Igniting passion for science education among rural children
Breaking down gender barriers in STEM education
NANNING, Jan. 26 (Xinhua) -- Huang Lichen vividly remembers her early days spent in the sugarcane fields, watching her grandmother toiling day after day in the shade of the trees.
Huang, a rural girl from Laibin City in south China's Guangxi Zhuang Autonomous Region, used to think it would be nice if sugarcane didn't have to be planted and shelled with hands.
Thanks to the "Inspiring the Future" - STEM Education for Rural Adolescents project, this ninth-grader from Qianjiang Middle School has gained the confidence to envision transforming her dreams into reality and delving into the realms of science and technology.
"Granny used to work tirelessly all year round," said Huang, adding that she aspires to become a scientist and invent intelligent robots to simplify farm work.
Huang is among the numerous children from rural China who have experienced the wonders of science and technology through the STEM project, jointly launched by the China Association for Science and Technology (CAST) and the United Nations Children's Fund (UNICEF).
Launched in 2021, the project has enabled hundreds of thousands of rural students in central and western China to participate in science and technology activities online and offline every year.
According to Zhang Yu, program manager of the Children and Youth Science Center of CAST, the project includes activities such as bringing science experts to rural areas for lectures and interactions with students, providing training to rural teachers, organizing science camps for girls, and offering support to off-campus science centers for children.
"Our project aims to combine societal efforts in delivering science and technology education resources to rural youth, enabling them to engage in extracurricular activities and enhance their knowledge and skills in science and technology," Zhang said.
Hu Yufan, a project officer at UNICEF China, told Xinhua that they would like to provide rural children with an educational experience different from their regular school curriculum to help cultivate an interest in science and technology, fostering an increased desire and confidence in learning relevant subjects.
According to last year's Chinese government work report, the contribution of scientific and technological progress to the country's economic growth has exceeded 60 percent. The Central Economic Work Conference held in December also listed priorities including advancing technological innovation to lead the development of a modern industrial system.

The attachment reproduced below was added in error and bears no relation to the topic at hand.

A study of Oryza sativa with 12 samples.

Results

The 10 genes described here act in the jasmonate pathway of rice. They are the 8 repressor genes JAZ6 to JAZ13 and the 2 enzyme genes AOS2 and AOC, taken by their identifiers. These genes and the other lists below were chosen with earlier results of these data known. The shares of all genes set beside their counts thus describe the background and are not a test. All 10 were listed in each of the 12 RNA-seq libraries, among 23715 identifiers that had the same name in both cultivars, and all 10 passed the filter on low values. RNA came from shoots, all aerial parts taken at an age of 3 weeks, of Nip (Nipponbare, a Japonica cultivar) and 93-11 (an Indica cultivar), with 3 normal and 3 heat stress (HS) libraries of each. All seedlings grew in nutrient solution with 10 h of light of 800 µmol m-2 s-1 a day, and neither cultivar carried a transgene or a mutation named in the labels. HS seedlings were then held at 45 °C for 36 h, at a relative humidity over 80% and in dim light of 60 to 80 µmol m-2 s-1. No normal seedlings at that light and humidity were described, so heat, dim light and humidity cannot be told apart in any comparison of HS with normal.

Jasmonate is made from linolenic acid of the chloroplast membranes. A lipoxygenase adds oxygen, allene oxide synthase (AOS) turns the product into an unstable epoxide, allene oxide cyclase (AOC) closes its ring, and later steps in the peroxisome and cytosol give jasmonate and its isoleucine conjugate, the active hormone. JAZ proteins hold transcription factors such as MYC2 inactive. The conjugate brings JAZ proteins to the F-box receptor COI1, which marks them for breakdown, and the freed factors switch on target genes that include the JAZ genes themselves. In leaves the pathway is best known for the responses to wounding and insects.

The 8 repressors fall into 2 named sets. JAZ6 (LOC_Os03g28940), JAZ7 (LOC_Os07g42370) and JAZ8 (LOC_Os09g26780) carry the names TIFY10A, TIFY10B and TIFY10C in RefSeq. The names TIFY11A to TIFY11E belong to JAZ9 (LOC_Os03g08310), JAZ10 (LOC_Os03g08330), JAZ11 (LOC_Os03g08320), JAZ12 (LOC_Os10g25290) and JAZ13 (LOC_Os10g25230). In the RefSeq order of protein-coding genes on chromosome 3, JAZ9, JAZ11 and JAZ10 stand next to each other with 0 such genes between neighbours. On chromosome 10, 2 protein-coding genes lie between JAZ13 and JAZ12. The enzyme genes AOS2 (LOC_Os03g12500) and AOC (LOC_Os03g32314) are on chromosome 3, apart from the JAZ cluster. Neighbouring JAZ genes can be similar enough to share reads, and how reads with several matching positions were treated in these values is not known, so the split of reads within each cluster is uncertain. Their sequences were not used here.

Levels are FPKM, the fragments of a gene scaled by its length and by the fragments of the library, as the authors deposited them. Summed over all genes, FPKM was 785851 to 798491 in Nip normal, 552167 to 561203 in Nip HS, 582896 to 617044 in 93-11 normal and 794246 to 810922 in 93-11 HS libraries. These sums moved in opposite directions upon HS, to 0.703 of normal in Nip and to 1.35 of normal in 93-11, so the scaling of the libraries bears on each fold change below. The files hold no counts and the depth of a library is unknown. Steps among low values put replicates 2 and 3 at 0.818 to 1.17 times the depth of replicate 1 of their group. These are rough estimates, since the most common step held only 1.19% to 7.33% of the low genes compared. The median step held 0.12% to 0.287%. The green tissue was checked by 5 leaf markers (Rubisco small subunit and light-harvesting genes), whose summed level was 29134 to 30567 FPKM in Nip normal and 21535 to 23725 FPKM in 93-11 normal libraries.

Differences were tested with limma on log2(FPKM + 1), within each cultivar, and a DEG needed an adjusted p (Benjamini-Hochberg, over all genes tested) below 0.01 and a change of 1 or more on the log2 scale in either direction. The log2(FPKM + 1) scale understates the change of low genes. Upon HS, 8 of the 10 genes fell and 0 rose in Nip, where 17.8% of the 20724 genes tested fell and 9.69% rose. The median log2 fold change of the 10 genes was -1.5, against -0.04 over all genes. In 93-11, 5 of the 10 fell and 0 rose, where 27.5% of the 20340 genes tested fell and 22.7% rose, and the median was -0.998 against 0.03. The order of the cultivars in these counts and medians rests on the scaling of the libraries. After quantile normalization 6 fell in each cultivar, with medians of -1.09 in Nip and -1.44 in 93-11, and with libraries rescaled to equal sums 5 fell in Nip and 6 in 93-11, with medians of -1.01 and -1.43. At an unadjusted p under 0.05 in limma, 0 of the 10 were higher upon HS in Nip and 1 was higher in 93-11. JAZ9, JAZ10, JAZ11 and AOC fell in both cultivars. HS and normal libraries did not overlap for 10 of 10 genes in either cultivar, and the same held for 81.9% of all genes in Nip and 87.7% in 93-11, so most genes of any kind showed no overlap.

Last year, 10 provincial-level regions in China were covered by this project. In Guangxi alone, it has benefitted more than 20,000 students from 30 rural schools.
Encouraged by her classmates, Huang joined her school's science club. Amidst a classroom adorned with various student projects, such as rockets crafted from plastic bottles and gyroscopes made of iron wire, she gained hands-on experience in creating gravity-powered catapults and determining the angles for rocks to hit their targets.
During her summer vacation, the 15-year-old Huang took part in science camps in Beijing, marking her first venture outside Guangxi. Alongside 42 students from various parts of China, she had the opportunity to explore high-tech products and engage in conversations with students from prestigious universities.
Reflecting on her experiences, she said that her most memorable moment was talking with AI-based applications and that she was inspired to pursue studies at a university in Beijing.
In fact, the STEM project has ignited inspiration among many students like Huang in different ways.
According to 14-year-old Xu Ziyu from Tiandeng County in Chongzuo City, the experience in Beijing has been eye-opening. "Compared with Beijing, Tiandeng is relatively under-developed, so I will work hard and become a teacher in this county to help other students here," Xu said.
Xu's classmate, Nong Caihang, who is passionate about science fiction, said that she aspires to combine science and literature to craft compelling stories in the future.
Huang Qiuhui, a student at Qianjiang Middle School, cultivated a keen interest in programming and learned about it last summer by reading books and exploring the internet. "The STEM project has allowed girls from rural areas like us to envision a broader world," she said, adding that she wants to secure a computer-related job in the future.
Speaking about the significance of the project in the lives of young students, Tan Chunfu, the teacher in charge of the school's science club, said, "If I had the opportunity to participate in such a project, my life might have taken a quite different path now."
Born into a farmer's family, Tan used to help his parents cultivate sugarcane. While loading sugarcane onto trucks, he once told his dad that it would be much easier with a large machine resembling a hand to grab the sugarcane. Tan's dad dismissively snapped back, "Stop dreaming and keep working."
Now a biology teacher, he always encourages his students to pursue their scientific dreams. "Many students are like me, filled with curiosity. I hope to inspire them to explore," Tan said.
He underwent a three-day training in Beijing last October, during which he acquired novel ideas for his work, such as project-based learning where students could attempt to solve real-world problems.
Tan said he plans to launch a project-based learning program centered around sugarcane, given that Guangxi is a major sucrose production base in China, and many farmers in Laibin earn their livelihood from growing sugarcane. He aims to explore ways to help boost the incomes of the local people by reusing sugarcane leaves and residue.
"In this way, I hope to enhance the analytical and problem-solving skills of students, so that they can turn their imagination into practical solutions, rather than abandoning their ideas with regret," he said.